Last fall, Lexington’s Bryan Station High School principal James McMillin got permission to do away with extra credit in determining course grades. He wanted grades to be a more accurate reflection of what students know.
Continuing that effort, McMillin asked the Fayette County school board if he can eliminate D’s from the school’s grading scale and change the grading scale from one based on percentages to one based on points. The board will vote on his proposal July 24 at its regular monthly meeting. Members said Monday that they liked the initiatives.
The 2016-17 grading scale was traditional in that 90 to 100 percent was an A, 80 to 89 a B and so on. Under the proposed new grading scale for 2017-18, the numbers 0 through 4 would be given, with 4 being an A for exemplary work, 3 a B for proficient work, and 2 a C for a developing knowledge of a subject. A zero would be given for no attempt, and 0.1 would be an F for an unsuccessful effort.
McMillin doesn’t want students to be rewarded with a D passing grade for giving minimal effort.
“If we allow students to just reach that and be OK with it,” then school officials are allowing students to stay at the novice level, he said.
Many parents were consulted about the changes at the high school, which for years had challenges with academic achievement, he said.
At Bryan Station in 2017-18, some grading rules will be similar to the previous year: Participation and following class rules are not part of a grade. Academic points are not deducted for late work. Extra credit and bonus points are not awarded to academic grades. Parents will be notified when students cheat, but instead of earning a zero, they will get a 0.1 for unsuccessful and will have to redo the work. Attendance and homework, called “practice” at Bryan Station, aren’t part of the academic grade.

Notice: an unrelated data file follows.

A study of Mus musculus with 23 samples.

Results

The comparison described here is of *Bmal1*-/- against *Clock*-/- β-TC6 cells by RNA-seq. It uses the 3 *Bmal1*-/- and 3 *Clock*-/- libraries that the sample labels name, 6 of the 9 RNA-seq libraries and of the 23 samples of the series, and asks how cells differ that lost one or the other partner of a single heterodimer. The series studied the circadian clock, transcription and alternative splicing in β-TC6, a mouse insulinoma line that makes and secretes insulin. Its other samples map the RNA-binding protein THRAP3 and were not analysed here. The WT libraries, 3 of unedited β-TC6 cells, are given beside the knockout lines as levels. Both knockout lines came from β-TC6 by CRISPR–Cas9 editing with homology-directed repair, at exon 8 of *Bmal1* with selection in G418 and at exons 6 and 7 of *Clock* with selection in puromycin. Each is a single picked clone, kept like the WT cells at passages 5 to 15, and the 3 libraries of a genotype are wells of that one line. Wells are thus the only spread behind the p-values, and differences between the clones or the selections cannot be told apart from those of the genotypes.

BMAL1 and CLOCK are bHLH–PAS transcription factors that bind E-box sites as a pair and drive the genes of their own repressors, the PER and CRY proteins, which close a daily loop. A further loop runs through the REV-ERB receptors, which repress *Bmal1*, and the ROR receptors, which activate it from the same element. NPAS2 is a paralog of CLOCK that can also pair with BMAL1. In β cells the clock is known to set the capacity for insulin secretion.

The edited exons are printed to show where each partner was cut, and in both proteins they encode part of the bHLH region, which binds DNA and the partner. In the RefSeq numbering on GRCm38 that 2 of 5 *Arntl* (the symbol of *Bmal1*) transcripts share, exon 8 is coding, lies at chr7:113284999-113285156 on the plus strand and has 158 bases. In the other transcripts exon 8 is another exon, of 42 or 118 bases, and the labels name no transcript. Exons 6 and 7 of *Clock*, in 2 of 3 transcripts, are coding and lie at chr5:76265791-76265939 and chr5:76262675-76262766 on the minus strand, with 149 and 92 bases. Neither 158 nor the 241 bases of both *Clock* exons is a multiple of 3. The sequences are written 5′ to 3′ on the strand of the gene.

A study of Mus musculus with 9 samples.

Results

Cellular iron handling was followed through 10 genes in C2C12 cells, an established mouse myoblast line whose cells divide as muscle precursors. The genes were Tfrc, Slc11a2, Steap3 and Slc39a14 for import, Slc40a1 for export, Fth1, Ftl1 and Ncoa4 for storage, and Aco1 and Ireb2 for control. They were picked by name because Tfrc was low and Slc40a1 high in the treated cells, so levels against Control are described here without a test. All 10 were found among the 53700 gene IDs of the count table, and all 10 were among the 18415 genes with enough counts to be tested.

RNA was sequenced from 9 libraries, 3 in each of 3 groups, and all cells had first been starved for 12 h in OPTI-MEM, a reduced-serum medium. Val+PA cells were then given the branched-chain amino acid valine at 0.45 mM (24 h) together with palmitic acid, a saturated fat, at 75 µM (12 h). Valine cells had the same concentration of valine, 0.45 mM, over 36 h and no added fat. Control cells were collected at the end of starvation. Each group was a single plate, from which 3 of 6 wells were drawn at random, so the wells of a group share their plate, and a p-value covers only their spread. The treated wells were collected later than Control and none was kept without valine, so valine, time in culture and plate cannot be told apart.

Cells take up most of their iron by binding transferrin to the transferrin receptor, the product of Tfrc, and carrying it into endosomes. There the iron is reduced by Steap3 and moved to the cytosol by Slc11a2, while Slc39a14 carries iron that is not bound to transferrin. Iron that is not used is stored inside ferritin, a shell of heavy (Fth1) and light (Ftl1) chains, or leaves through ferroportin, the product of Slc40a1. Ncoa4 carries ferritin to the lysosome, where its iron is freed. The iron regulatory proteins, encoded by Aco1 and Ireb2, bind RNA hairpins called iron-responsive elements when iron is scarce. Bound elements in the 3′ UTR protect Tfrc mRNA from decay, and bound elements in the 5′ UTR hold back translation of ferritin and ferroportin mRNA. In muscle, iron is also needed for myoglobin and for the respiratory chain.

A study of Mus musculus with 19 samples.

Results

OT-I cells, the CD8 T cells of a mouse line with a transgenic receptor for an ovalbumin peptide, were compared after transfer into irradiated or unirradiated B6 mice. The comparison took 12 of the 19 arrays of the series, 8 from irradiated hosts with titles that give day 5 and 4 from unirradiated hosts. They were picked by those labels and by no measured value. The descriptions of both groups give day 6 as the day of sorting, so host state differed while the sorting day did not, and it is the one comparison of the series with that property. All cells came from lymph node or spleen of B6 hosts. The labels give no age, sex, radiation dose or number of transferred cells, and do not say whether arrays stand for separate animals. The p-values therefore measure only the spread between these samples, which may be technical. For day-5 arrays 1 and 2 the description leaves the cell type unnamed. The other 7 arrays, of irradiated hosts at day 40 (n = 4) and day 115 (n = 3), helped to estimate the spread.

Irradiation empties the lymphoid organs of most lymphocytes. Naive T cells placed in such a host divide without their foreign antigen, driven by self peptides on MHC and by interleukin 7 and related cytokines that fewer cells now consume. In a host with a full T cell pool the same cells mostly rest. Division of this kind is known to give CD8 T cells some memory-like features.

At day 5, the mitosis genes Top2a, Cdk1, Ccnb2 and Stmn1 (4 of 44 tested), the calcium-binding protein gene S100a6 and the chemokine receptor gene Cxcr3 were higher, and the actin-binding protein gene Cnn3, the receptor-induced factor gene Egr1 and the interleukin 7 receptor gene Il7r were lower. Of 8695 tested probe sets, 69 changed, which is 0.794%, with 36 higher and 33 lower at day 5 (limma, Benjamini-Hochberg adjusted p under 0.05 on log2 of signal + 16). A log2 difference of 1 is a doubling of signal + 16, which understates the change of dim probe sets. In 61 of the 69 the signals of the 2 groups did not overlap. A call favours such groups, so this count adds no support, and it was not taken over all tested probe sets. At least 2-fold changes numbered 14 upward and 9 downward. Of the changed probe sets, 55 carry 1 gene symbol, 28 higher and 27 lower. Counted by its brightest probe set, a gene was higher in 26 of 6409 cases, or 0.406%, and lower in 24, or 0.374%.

“Grades should tell us what a student knows, understands and is able to do. That’s it,” McMillin said.
Turning in assignments on time and turning in homework, or “practice work,” won’t be counted in a grade, but those actions will be noted on report cards and transcripts. Double the number of progress reports will be sent home.
Bryan Station started implementing the policies as part of the new standards-based grading in the 2016-17 school year.
McMillin said there will be new safety nets built in for students to avoid failure. Students will be able to get extra help during a “flex period” built into the school day. All juniors will take a prep course for the ACT. Bryan Station will be an academy school, meaning students will enter medical, information technology, business leadership, and engineering and robotics academies, where academic courses will help students prepare for careers. Teacher lesson plans and class materials will all be online and available to parents and students.
He said he didn’t anticipate making other major grading changes for the next few years.
Board member Ray Daniels said after the meeting that he liked the proposal as long as parents could see the previous grading scale on reports so they could better interpret the new one.
“I want to compliment you on your work,” board chairwoman Melissa Bacon told McMillin. “I know you have spent countless hours putting that 10,000-piece puzzle together. But you are setting the template for the entire district. We can take what you all have done and mirror that for other high schools.”